Did you drink while breastfeeding?

I spent last weekend with my four month old niece, who happens to be the most precious and beautiful baby on this planet. I'm not biased or anything. I always loved the baby stage with my own kids, unlike my husband, who never knew what to do with our children when they were tiny. He liked holding them once they were fast asleep, but he was never really comfortable with them when they were that small.

I, on the other hand, loved every moment when they were babies. All three of my kids were very different infants. With each child, I relaxed a bit more and felt more comfortable in my role as their mother each time I brought them home from the hospital. I loved the early infant stage. The breastfeeding. The cooing. The swaddling. The napping in your arms. I enjoyed all the sweet sounds they made. The miniature diapers and fun clothing I could dress them up in.

I know that it is easy to forget about all the hard stuff - the sleepless nights, the spitting up, the lack of schedule, the inability to leave them and the incessant feeling as if something was going to happen to them at any moment. Like was a meteor going to fall out of the sky randomly while I was walking down the street and crush the stroller? I had wild, bizarre thoughts in the early days with Brayden - my hormones were out of control. I also remember Brayden didn't sleep for the first 9 months, which made me feel like I was going insane after a while. So, yes, it was exhausting and difficult - especially having three kids under the age of four.

I didn't drink much at first, when Brayden was a baby. It wasn't until a couple years later, when we had Chase and Parker and moved out to the suburbs that my drinking really increased. Once Parker was here, we were more isolated from friends. In the evenings, I began to rely on wine for comfort and company. I wasn't afraid to have a couple glasses of wine once the boys were in bed, when I was snuggling with my baby girl in front of the TV. It was my only peace and quiet. I felt like it was my reward.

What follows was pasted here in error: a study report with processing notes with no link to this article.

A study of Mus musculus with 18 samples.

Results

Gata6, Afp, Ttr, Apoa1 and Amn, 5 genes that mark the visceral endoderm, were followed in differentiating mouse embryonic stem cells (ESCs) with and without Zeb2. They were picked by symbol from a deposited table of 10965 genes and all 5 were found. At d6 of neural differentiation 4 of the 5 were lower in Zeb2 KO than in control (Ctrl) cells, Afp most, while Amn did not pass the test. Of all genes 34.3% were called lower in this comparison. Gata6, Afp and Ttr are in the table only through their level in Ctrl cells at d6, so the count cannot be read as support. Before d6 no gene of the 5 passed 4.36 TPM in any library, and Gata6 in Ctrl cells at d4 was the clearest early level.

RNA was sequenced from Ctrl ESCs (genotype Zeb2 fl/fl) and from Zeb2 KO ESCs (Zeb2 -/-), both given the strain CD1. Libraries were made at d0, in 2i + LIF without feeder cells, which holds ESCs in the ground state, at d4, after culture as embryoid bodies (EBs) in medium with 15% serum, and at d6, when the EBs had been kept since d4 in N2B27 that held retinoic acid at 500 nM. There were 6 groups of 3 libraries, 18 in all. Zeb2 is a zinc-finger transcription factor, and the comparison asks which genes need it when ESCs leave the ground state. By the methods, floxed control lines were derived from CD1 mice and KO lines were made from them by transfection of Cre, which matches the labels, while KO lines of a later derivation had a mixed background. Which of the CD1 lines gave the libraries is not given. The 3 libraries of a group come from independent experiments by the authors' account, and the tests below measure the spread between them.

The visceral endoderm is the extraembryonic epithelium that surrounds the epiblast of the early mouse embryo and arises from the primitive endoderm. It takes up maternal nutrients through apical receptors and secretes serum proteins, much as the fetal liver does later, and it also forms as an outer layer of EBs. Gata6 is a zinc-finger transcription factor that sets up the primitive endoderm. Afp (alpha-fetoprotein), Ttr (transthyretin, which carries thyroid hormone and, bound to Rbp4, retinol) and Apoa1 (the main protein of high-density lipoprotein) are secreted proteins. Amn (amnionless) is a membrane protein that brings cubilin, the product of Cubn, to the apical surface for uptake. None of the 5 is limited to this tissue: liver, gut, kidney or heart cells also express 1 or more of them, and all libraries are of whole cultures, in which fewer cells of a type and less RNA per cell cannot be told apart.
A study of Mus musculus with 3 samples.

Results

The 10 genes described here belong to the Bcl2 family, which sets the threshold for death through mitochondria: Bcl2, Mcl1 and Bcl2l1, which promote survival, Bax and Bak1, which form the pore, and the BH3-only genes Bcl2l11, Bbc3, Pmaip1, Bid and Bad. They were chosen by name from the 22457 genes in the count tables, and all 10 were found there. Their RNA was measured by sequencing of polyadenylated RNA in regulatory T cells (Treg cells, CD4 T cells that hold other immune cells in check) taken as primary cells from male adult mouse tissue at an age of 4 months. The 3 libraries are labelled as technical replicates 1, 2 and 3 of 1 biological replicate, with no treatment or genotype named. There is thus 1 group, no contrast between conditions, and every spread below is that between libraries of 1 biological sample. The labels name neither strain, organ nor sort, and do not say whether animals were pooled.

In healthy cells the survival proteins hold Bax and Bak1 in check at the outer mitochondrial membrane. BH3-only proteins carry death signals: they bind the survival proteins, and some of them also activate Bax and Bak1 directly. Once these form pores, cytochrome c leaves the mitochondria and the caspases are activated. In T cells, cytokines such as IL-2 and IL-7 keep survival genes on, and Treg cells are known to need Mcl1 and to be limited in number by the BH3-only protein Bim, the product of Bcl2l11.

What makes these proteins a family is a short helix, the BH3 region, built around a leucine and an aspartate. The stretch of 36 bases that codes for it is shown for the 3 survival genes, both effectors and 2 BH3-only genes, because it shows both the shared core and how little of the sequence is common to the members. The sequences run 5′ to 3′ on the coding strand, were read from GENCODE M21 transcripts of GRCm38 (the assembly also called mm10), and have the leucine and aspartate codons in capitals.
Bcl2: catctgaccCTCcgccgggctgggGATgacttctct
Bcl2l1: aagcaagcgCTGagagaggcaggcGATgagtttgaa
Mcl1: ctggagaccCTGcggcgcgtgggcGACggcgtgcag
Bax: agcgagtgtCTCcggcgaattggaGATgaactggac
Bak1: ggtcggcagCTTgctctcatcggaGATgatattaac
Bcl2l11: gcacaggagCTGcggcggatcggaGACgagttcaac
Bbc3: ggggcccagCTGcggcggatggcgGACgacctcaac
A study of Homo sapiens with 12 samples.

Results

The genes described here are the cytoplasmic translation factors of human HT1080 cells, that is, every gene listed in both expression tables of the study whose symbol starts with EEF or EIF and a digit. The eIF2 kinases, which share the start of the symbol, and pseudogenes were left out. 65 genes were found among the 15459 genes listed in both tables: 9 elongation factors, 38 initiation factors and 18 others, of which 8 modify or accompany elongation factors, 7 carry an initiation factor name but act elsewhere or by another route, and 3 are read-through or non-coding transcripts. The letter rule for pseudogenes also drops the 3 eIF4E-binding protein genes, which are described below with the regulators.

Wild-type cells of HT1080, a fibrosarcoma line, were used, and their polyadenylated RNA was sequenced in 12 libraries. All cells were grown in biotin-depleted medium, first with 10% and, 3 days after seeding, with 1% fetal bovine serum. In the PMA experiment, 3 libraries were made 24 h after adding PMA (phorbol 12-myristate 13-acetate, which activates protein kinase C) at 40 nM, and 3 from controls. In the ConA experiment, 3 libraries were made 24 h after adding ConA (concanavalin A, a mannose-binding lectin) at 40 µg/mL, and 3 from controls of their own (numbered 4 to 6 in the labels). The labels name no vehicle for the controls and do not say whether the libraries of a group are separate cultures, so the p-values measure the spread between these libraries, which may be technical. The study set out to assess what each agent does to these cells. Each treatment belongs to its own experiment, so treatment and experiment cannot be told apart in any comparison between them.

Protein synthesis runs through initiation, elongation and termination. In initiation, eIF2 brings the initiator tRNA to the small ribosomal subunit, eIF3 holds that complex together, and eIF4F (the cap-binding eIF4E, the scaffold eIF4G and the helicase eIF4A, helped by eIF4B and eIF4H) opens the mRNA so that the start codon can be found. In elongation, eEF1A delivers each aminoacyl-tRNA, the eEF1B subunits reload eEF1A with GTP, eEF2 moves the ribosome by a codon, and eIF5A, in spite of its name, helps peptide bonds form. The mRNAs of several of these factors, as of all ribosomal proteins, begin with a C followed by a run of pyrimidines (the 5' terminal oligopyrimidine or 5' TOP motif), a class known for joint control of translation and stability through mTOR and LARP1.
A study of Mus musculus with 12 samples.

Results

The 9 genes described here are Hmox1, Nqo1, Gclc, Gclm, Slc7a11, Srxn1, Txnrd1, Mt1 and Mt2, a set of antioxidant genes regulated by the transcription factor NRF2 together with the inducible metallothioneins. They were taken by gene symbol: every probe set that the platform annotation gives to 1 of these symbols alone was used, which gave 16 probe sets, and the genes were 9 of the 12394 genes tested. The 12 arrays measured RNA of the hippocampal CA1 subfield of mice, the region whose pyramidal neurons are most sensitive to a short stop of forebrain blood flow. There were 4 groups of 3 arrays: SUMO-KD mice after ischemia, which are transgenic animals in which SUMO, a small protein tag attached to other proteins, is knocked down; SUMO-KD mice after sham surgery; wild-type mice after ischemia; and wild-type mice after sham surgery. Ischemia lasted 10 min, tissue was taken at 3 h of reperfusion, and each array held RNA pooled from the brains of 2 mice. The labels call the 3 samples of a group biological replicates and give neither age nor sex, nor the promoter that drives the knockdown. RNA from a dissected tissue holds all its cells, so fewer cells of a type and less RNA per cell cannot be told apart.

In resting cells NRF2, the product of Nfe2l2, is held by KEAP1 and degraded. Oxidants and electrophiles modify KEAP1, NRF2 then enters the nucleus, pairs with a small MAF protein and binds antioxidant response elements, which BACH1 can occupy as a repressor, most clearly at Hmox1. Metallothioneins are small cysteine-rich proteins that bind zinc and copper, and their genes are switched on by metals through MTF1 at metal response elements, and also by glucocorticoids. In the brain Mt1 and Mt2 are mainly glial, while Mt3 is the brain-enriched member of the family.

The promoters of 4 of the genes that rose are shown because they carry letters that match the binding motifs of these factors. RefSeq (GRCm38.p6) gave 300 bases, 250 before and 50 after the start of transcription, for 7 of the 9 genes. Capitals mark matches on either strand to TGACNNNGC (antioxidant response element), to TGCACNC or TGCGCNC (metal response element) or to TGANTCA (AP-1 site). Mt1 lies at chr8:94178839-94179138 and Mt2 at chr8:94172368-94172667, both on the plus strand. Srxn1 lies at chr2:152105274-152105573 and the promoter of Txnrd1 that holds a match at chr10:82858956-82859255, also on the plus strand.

I remember one night when Parker was a couple of months old and she was sleeping in the crib in our room. She woke up after only a short while in the night, and I was a little bit tipsy. I couldn't nurse her quite yet, but I also knew she didn't exactly need to eat. I let her cry herself back to sleep. I felt a bit guilty for not being able to feed her because of the alcohol in my system, but I shrugged it off at the time. Evan had no idea, as he was working late, as he did most nights back then.

I nursed each child for 12 months. There were other times when I didn't have a choice and had to feed my kids with booze in my system, knowing it probably wasn't a good idea. I have a tough time thinking about those memories. That was the beginning of a long road for me.

I have tons of shameful memories from my past parenting days that I try not to think about, but like everything - I need to acknowledge them and forgive myself. My kids are happy, healthy and thriving today with a sober mother. And I am grateful to be doing the best I can every day from here on out.